Gibberellins regulate stem elongation
The discovery of gibberellins is related to a plant disease. The infection of rice by the fungus Gibberella fujikuroi results in the formation of extremely tall plants that fall over and bear no seeds. In Japan this disease was called “foolish seedling disease.” In 1926 Eiichi Kurozawa and collabora-tors (Japan) isolated a compound from this fungus that induces unnatu-ral growth. It was namedgibberellin. These results were known in the West only after World War II. Structural analysis revealed that gibberellin is a mixture of various compounds with similar structures, which also occur in plants and act there as phytohormones.
Gibberellins are derived from the hydrocarbon ent-gibberellane (Fig. 19.9). More than 100 gibberellin derivatives are now known in plants, which are numbered in the order of their identification. Therefore the num-bering gives no information about structural relationships or functions. Many of these gibberellins are intermediates or by-products of the bio-synthetic pathway. Only a few of them have been shown to act as phyto-hormones. Whether other gibberellins have a physiological function is not known. The most important gibberellins are GA1 (Fig. 19.10A) and GA4 (not shown). Gibberellins derive from isoprenoids . The syn-thesis proceeding in 13 steps takes place in three compartments. At first geranylgeranyl pyrophosphate is converted in the plastids to ent-kaurene. Subsequently ent-kaurene is transformed to GA12-aldehyde by a cyt-P450 monooxygenase located in the membrane of the endoplasmatic reticulum (ER) . Finally gibberellin (GA12) is synthesized in the cytosol. This reaction involves the catalysis by oxoglutarate-dependent dioxygen-ases (GA oxidases).
Similar to IAA, gibberellins stimulate shoot elongation, especially in the internodes of the stems. A pronounced gibberellin effect is that it induces rosette plants (e.g., spinach or lettuce) to initiate and regulate the forma-tion of flowers and flowering. Additionally, gibberellins have a number of other functions such as the preformation of fruits and the stimulation of their growth. Gibberellins terminate seed dormancy, probably by soften-ing the seed coat, and facilitate seed germination by the expression of genes for the necessary enzymes (e.g., amylases).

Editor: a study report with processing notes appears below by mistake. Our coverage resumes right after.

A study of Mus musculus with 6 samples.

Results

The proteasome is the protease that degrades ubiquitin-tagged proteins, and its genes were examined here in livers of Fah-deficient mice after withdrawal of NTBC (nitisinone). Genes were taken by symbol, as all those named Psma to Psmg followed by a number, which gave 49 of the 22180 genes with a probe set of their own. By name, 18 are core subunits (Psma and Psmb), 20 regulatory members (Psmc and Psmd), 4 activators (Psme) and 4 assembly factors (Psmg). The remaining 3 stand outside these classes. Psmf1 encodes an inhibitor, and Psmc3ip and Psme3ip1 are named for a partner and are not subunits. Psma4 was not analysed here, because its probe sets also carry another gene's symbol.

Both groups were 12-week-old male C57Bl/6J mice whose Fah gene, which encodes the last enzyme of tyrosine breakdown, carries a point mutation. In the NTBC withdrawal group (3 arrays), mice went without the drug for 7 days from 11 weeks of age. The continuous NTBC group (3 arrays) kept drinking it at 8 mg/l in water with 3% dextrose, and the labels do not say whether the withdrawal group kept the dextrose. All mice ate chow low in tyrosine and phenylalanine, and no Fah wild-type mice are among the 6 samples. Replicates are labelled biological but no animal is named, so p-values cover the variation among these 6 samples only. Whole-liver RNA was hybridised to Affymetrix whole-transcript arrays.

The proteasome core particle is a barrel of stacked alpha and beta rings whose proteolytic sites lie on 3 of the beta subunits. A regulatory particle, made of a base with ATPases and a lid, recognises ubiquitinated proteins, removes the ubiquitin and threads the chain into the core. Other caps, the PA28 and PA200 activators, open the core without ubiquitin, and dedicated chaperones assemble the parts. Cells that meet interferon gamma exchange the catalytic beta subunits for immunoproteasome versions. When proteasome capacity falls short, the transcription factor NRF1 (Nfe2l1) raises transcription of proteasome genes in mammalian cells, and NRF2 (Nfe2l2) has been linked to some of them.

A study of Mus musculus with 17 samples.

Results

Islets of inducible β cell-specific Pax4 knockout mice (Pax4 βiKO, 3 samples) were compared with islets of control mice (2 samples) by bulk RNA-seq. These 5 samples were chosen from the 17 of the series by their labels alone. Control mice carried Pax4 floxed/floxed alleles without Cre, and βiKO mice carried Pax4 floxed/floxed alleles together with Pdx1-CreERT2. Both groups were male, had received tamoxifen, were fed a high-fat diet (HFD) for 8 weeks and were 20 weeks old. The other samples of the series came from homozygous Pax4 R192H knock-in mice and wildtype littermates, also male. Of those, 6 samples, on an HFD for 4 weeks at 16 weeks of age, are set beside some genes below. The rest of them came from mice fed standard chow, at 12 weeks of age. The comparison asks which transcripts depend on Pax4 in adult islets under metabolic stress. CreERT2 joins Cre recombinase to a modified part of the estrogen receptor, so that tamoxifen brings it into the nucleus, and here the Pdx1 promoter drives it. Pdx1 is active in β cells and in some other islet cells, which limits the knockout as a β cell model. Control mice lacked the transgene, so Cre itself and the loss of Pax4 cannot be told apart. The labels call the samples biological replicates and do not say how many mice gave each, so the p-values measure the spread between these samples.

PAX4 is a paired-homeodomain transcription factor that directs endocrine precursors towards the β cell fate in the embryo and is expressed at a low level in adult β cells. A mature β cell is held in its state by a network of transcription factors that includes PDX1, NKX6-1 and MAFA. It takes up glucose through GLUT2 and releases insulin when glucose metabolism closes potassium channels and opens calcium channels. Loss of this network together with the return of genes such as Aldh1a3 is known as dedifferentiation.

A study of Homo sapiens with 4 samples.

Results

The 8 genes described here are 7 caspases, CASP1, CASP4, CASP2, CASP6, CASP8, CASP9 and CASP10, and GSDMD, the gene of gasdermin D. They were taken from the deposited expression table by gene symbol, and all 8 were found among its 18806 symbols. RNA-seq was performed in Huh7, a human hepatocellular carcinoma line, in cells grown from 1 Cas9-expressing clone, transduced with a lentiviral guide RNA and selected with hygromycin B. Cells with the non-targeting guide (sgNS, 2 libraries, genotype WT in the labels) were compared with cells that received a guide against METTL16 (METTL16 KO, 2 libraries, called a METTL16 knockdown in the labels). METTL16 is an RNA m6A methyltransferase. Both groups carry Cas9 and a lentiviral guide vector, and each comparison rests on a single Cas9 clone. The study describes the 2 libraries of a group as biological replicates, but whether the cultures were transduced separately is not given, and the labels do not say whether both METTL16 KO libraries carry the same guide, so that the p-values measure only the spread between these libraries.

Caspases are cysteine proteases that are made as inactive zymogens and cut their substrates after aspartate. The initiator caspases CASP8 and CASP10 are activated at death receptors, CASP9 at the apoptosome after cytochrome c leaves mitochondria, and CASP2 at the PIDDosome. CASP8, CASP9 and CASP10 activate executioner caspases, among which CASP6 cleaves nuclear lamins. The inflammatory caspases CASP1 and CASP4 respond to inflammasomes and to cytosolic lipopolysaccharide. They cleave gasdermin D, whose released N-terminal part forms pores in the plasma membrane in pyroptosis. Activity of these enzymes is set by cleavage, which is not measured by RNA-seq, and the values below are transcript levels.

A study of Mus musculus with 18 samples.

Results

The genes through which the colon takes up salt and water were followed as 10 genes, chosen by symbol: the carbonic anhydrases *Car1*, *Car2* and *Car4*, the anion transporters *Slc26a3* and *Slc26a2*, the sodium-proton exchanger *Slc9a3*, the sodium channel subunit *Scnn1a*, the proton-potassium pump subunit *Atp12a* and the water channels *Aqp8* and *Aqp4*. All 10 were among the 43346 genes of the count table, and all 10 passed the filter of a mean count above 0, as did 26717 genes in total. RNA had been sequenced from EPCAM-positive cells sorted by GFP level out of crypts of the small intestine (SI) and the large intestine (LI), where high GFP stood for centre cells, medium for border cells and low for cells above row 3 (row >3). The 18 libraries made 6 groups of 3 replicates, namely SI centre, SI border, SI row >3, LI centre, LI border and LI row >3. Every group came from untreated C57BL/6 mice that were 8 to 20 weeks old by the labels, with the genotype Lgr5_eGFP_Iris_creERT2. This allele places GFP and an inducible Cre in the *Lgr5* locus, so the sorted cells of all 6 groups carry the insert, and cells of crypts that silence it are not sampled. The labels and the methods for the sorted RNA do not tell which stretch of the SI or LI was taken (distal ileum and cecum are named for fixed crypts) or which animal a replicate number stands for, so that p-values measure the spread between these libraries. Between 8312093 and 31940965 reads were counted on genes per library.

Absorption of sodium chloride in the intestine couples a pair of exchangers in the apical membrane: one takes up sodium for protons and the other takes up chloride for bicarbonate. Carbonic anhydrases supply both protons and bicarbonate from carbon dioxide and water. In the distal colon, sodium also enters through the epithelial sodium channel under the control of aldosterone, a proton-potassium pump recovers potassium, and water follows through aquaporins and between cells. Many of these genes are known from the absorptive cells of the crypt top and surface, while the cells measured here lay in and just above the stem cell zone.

The use of gibberellins is of economic importance for the production of long, seedless grapes. In these grapes, GA1 causes not only extension of the cells, but also parthenocarpy (the generation of the fruit as a result of partho-genesis). Moreover, in the malting of barley for beer brewing, gibberellin is added to induce the formation of -amylase in the barley grains. The gib-berellin GA3, produced by the fungus Gibberella fujikuroi, is generally used for these purposes. Inhibitors of gibberellin biosynthesis are commercially used as retardants (growth inhibitors). A number of substances that inhibit the synthesis of the gibberellin precursor ent-kaurene, such aschloroethyl trimethyl ammonia chloride (trade name Cycocel, BASF) (Fig. 19.10B) are sprayed on cereal fields to decrease thegrowth of the stalks. This enhances the strength of the cereal stalks and at the same time increases the proportion of total biomass in seeds. Slowly degradable gibberellin synthesis inhibitors are used in horticulture to keep indoor plants small.
Gibberellins influence gene expression. A soluble protein (GID1), which resembles a hormone-sensitive lipase, has been identified as a GA receptor. Arabidopsis contains three genes for GID1 proteins. When GA binds to this receptor, the complex then transmits the information to so-called cytosolic DELLA proteins. The latter usually repress plant growth. In this way the binding of GA to the receptor ultimately leads to an increase of gene expression, resulting in an increase of elongation growth. Thus, GA causes the relief of a restraint.
Mutants, in which the synthesis of GA or the function of GA on growth was impaired, turned out to be important for agriculture. The dramatic increase in the yield of cereal crops achieved after 1950, often named the “green revolution,” is in part due to the introduction of dwarf wheat lines. At that time, attempts to increase the crop yield of traditional wheat vari-eties by an increased application of nitrogen fertilizer failed, since it pro-duced more straw biomass instead of enhancing the grain yield. This was averted by breeding wheat varieties with reduced stalk growth, where the portion of grains in the total biomass (harvest index) was increased considerably. It turned out that the decreased stalk growth in these varie-ties was due to the mutation of genes encoding transcription factors of the gibberellin signal transduction chain. In wheat, the mutated genes have been termed Rht (reduced height).